A lesson in how to deal with the press

Vol 3, PW 25 (19 Jan 00) People & Policy

As a foreign company in India, you will inevitably come into contact with journalists from the energy press.

Often this can be disconcerting, especially if you find newspapers have published a story you wish to keep secret, or worse, a story that is inaccurate. It does happen, even to the most diligent of journalists.

To use the press to your advantage, you must first try to first understand how it works. Energy journalists in India broadly fall into two categories: those that work for news agencies (Press Trust of India, Reuters, Bridge News) and those that work for a newspaper (Economic Times, Business Standard, Financial Express).

The distinction is important. If you are (mis)quoted by a news agency, the damage is worse than if the same happens in a newspaper.

Agencies earn money by selling the same story to a maximum of outlets; so an inaccurate story by PTI or Reuters will be reproduced in newspapers in India and abroad or even broadcast on the BBC World Service. An inaccurate story in a newspaper is unlikely to leave the country, unless it is a Scoop of earth-shattering proportions.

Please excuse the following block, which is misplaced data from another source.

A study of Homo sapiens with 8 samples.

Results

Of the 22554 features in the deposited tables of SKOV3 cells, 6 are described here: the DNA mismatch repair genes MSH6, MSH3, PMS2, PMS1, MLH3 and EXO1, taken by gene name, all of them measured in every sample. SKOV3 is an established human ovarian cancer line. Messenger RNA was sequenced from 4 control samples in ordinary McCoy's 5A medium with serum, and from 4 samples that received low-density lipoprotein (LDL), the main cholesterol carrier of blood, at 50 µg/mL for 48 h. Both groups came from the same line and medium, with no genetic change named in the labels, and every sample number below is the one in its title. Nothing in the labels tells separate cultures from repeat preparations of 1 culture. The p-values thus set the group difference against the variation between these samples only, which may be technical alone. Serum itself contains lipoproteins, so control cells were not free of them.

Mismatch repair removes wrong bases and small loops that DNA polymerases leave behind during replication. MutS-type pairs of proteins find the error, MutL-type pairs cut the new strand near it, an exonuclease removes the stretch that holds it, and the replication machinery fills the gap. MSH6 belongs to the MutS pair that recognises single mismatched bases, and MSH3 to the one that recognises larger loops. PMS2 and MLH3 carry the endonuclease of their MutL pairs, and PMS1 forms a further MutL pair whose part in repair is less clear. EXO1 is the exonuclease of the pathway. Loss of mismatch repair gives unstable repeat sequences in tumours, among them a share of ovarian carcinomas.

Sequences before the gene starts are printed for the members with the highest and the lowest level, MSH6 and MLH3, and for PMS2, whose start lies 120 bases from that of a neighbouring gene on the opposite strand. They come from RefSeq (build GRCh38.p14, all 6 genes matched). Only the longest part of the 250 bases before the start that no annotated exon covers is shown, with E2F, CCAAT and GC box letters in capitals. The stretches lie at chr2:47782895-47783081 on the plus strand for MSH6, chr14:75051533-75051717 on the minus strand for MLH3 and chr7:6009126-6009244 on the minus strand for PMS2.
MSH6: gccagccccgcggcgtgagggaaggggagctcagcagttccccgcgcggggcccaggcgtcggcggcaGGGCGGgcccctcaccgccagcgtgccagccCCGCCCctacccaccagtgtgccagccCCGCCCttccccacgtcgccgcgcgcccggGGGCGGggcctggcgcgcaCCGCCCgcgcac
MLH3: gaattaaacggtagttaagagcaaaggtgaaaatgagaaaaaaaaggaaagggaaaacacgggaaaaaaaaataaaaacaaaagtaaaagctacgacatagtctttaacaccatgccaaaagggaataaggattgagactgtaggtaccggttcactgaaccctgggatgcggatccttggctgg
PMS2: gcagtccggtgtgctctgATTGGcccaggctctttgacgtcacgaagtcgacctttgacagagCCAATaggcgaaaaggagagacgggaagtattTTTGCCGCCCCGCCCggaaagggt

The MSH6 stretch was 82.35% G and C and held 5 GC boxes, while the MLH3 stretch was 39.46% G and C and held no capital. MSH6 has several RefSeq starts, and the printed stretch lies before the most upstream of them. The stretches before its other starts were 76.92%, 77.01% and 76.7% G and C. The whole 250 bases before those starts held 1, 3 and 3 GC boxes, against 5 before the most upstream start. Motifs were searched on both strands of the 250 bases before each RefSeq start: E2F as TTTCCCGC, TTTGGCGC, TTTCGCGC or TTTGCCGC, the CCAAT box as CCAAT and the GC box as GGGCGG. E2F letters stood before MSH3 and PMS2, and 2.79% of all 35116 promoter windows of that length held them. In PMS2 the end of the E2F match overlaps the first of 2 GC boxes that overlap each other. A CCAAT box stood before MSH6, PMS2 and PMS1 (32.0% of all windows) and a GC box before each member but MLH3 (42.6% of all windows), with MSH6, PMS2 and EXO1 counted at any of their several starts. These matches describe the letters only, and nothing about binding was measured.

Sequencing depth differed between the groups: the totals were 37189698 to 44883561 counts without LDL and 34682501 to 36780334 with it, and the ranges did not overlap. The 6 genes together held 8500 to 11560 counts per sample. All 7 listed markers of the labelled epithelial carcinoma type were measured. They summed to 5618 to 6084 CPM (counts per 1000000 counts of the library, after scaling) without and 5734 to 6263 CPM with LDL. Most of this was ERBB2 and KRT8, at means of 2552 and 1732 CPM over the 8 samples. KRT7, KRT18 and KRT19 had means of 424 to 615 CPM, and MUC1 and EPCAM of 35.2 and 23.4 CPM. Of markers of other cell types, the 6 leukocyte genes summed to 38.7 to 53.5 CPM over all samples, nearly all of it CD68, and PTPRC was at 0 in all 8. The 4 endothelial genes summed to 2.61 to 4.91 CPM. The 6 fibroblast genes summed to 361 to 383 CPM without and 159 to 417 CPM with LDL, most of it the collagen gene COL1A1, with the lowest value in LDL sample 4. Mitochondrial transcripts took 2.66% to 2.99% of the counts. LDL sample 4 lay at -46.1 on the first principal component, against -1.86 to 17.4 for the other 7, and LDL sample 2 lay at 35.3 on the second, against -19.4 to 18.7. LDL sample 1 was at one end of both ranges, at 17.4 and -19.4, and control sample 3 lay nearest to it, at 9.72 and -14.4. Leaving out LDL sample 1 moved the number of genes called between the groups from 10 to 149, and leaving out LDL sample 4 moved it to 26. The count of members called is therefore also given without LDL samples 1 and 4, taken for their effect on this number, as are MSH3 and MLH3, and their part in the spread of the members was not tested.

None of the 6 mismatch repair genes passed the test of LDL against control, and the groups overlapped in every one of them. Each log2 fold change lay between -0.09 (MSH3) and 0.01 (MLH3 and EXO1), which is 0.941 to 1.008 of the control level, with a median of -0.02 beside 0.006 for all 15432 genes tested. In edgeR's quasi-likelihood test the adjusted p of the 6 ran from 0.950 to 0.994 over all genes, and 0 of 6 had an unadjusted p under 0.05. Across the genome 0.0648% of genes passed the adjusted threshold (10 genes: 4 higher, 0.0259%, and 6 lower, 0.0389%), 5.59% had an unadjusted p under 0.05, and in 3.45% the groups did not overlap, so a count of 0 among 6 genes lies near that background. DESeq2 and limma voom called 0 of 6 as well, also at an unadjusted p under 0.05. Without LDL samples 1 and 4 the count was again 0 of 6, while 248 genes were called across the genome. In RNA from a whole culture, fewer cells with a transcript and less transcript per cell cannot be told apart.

A good example of this is PTIs continued reporting of IOCs non-existent 35% stake at Balal in Iran. Readers of this report know the report is false.

In India, however, everyone including the oil minister and his dog think IOC is set to acquire 35% of Balal. As Joseph Goebbels once said, Tell a lie often enough and people think its true.

Another point to note is that newspapers are ready to admit they are wrong and will apologise for factual errors if factual errors there are. Personal experience tells this writer that critical letters to an editor highlighting mistakes in a story are treated seriously.

Unfortunately, most companies either dont have the time - or think it a waste of time - to complain. This is an error.

If a correction is warranted, a correction is published.